Freddie Mac reported this week that the 30-year fixed-rate mortgage averaged 3.02% for the week ending June 24. It’s the first time in ten weeks that the benchmark rate has risen above 3%.
In their weekly mortgage report Freddie Mac added, “as the economy progresses and inflation remains elevated, we expect that rates will continue to gradually rise in the second half of the year.”
A 30-year fixed-rate mortgage is a home loan that maintains the same interest rate and monthly principal-and-interest payment over the 30-year loan period. The current average 30-year fixed mortgage rate on June 29, 2021, is up nine basis points from the previous week.
15-Year Fixed Mortgage
The 15-year fixed-rate mortgage, meanwhile, rose 10 basis points to an average of 2.34%. The 5-year Treasury-indexed adjustable-rate mortgage averaged 2.53%, up one basis point from the previous week.
George Cipolloni, a portfolio manager at Penn Mutual Asset Management, said this week that while global forces impact the U.S. Treasury market, the 10-year’s rate slump also likely reflects domestic economic headwinds.
“I think, in the U.S., we are going to run through a cyclical wave of above-normal inflation rates.” The same MarketWatch article also highlighted inflation’s potential impact on interest rates. “Over the past 15 months, Fed asset purchases have helped keep credit flush during the pandemic and borrowing costs low for households and corporations. But as the economy and labor market heals, the central bank has signaled that interest rates could rise from the current 0%-to-0.25% range more quickly than initially anticipated.”
In general, inflation leads to higher interest rates because by raising interest rates the Fed aims to control economic growth and the rate of inflation. Although the Federal Reserve does not set mortgage rates, their actions do indirectly influence the rates consumers pay on their fixed-rate home loans when they refinance or take out new mortgages
There have been an increasing number of reports and warnings regarding rising inflation and last month it hit a 13-year high. The personal consumption expenditures core index – excluding food and energy costs – rose 3.4% in May on a year-over-basis, in line with Wall Street expectations but also the fastest increase since April 1992.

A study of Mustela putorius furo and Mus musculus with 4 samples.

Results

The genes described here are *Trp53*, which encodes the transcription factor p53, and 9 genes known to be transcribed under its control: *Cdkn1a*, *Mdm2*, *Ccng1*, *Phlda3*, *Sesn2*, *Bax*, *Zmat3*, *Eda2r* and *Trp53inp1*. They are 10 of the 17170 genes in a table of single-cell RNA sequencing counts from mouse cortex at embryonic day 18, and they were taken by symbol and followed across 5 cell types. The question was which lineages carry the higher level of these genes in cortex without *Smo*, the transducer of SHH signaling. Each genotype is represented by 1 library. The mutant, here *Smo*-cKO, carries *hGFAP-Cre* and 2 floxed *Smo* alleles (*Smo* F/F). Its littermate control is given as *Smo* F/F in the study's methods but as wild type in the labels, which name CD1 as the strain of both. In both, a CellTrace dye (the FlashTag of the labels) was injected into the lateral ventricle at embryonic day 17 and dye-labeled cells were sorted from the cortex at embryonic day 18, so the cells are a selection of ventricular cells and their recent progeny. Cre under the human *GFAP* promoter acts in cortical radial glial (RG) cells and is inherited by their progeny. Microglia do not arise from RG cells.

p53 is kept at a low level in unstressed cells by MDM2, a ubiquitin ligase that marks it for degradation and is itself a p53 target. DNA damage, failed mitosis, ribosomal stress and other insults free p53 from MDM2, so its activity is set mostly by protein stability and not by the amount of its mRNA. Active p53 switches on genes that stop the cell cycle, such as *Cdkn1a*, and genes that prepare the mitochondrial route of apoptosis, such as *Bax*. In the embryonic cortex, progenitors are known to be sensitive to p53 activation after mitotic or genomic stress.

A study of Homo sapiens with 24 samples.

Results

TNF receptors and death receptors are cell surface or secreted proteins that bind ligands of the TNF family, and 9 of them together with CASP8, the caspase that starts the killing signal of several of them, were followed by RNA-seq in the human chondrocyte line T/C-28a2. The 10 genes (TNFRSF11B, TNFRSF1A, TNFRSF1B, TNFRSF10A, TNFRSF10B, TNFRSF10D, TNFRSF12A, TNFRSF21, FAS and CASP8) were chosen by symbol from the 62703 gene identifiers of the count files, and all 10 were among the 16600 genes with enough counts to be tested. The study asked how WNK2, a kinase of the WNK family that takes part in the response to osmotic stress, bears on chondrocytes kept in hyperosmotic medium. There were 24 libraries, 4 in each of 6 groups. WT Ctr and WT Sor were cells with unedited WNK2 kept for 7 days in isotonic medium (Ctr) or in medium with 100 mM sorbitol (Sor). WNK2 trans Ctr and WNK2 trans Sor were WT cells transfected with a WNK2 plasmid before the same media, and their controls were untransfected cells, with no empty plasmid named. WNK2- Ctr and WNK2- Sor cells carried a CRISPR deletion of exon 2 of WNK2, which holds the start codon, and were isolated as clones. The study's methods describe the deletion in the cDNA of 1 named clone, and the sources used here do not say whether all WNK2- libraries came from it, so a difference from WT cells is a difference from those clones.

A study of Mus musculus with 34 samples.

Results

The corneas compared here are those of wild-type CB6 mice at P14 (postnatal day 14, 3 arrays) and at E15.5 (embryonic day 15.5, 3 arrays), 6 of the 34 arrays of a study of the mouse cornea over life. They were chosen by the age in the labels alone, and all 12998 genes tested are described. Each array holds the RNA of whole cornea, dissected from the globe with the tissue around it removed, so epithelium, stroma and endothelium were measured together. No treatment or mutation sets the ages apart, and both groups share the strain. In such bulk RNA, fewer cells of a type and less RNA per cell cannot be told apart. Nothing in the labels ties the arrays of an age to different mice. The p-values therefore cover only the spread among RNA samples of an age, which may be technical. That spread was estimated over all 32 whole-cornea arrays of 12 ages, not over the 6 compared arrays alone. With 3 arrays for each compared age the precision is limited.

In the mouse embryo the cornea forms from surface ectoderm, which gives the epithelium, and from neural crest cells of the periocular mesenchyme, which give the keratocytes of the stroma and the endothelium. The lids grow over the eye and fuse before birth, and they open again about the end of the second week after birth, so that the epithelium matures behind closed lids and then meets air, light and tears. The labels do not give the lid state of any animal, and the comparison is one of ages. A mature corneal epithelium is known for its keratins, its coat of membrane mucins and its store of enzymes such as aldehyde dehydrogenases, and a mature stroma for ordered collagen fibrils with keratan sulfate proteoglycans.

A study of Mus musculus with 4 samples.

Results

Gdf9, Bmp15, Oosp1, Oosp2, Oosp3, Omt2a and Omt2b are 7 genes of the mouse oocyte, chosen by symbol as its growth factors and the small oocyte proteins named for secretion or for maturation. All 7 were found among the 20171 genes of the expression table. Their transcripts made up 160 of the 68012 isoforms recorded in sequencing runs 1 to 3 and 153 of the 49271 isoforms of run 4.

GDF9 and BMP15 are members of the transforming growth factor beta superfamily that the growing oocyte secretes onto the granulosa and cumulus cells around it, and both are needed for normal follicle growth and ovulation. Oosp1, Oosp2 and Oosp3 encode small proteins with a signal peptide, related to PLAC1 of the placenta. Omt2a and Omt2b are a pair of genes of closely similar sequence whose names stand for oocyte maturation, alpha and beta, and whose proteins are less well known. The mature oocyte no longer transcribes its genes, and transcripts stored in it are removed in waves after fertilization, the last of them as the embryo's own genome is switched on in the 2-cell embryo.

The same CNBC article that cited the consumption index also stated that “everything from airline tickets to hotel stays to the cost of buying a home has been on the rise and showing only occasional signs of letting up.” A separate inflation indicator, the consumer price index, moved up 5% in May from a year ago, while the producer price index surged 6.6%, the fastest rise on record.
Moreover, this week MarketWatch reported, “in light of the rising inflation the economy has seen in the pandemic recovery period so far, announcements from the Federal Reserve and central bank policymakers suggested that the Fed may move to raise interest rates sooner than was previously expected. Those announcements caused long-term bond yields to move higher at points over the past week.”
Additionally, Bob Parker, investment committee member at Quilvest Wealth Management, stated on CNBC, “we are going to get a period of significantly higher inflation.” Parker expected headline inflation in 2021 to remain between 4%-5% and core inflation to be close to 4%.
If rates do continue to rise, it will negatively impact both homeowners and buyers. A recent survey from Zillow found that only 22% of homeowners refinanced their mortgage over the past year, despite the fact that those who chose to refinance saved at least $300 a month on their mortgage payments.
In their weekly report, Freddie Mac seemed to express urgency, “for those homeowners who have not yet refinanced – and there remain many borrowers who could benefit from doing so – now is the time.”
Despite Freddie Mac’s prediction of higher rates in the second half of 2021 and the impact of looming higher inflation, mortgage rates remain unprecedented bargains across all terms. As a result, many homeowners are taking advantage of today’s low rate to potentially free up thousands of dollars through refinancing.